Amazon’s new ‘legal shoplifting’ venture sent everyone into a tizzy when the news of its release first came out. Imagine, a shop where you just pick up your stuff and walk out! It’s like something straight out of Back to the Future. However, now that the concept has started to sink in, retailers are taking the idea seriously.
As the Guardian says: “the number of retail employees in Britain currently stands at 2.8 million. Stores like Amazon Go could therefore mean many job losses. Retailers could realise savings of something in the order of 15% of running costs, an amount that is likely to make the technology very attractive.”
This means that recruiters should take it very seriously too.
In a world where Tesco stores are further evolving into a series of self-service checkouts, and where contactless card payments are making chip and pin obsolete, recruiters need a game plan. Whereas the retail industry was always seen as a solid foundation for workers, it’s now increasing possibly that that reputation is at risk.
So what can recruiters do?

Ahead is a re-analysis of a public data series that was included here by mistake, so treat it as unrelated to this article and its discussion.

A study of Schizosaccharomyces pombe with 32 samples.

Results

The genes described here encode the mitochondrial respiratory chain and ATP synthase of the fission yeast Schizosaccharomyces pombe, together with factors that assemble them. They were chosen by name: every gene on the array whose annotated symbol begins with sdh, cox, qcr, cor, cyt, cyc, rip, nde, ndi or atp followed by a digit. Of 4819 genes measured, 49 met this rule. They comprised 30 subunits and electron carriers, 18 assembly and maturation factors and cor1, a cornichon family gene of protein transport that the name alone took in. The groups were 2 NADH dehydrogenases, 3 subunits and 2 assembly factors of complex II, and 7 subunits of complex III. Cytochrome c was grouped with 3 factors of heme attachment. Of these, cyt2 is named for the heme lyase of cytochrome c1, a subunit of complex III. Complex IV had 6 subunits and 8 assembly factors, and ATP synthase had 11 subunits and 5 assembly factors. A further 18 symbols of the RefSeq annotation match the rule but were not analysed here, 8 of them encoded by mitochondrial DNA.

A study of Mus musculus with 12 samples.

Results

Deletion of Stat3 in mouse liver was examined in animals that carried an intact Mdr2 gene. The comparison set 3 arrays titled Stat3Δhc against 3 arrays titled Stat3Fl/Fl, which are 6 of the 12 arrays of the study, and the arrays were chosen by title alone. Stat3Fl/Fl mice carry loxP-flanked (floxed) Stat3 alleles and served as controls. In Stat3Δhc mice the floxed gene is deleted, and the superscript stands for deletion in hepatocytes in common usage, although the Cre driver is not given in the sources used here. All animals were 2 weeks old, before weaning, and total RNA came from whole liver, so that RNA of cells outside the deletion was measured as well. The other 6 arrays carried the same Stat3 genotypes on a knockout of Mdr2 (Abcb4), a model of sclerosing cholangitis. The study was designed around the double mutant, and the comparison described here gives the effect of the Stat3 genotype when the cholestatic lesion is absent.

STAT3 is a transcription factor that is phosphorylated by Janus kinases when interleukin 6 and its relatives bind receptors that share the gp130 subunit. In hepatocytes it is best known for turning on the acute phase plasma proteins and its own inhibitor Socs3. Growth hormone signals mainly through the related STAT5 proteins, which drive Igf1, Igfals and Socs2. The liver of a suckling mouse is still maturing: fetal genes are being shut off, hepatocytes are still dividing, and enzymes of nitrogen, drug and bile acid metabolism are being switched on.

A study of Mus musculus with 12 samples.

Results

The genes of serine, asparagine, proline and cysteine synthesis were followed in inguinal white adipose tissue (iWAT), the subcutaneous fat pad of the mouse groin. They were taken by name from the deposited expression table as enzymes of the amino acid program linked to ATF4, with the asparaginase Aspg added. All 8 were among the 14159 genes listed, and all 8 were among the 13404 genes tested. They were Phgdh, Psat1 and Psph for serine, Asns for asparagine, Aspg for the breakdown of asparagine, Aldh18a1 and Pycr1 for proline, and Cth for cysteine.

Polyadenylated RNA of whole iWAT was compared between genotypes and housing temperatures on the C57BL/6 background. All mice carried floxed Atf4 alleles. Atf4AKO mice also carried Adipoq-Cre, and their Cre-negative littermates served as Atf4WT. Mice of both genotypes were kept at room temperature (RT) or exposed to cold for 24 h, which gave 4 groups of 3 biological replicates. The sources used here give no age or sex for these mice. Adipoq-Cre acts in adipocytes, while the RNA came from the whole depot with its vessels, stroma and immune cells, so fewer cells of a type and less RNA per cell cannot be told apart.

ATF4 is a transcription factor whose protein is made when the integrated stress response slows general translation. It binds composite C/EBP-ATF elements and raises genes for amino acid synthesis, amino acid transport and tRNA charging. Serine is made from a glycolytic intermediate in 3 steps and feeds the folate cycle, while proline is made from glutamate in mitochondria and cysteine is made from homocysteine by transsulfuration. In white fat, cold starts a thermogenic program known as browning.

It seems as though a major plan of action would be to encourage candidates to look into developing their technology skills. With broadband being equated in importance to gas and electric, and free coding courses popping up everywhere you go, it’s important for people looking for work to keep their skills updated and constant.
No one disputes that advanced technology is the avenue retail will be taking in the near future, with the Guardian also claiming that “Amazon Go, along with businesses like Uber, Airbnb, Netflix, and even Google and Facebook, are part of a fundamental restructuring of the economy and the work that goes with it. It is not simply that the technology is causing jobs to be lost… We are moving from a globalised world of manufacturing giants to a networked one of technology giants”.
While we do like the notion of a wide variety of skills being used in the workplace, Amazon Go’s imminent popularity proves that neither candidates or recruiters can rely on a solely traditional skillset – we must move with the times and ensure we aren’t losing touch with the current work landscape. After all, we all want the best for our candidates.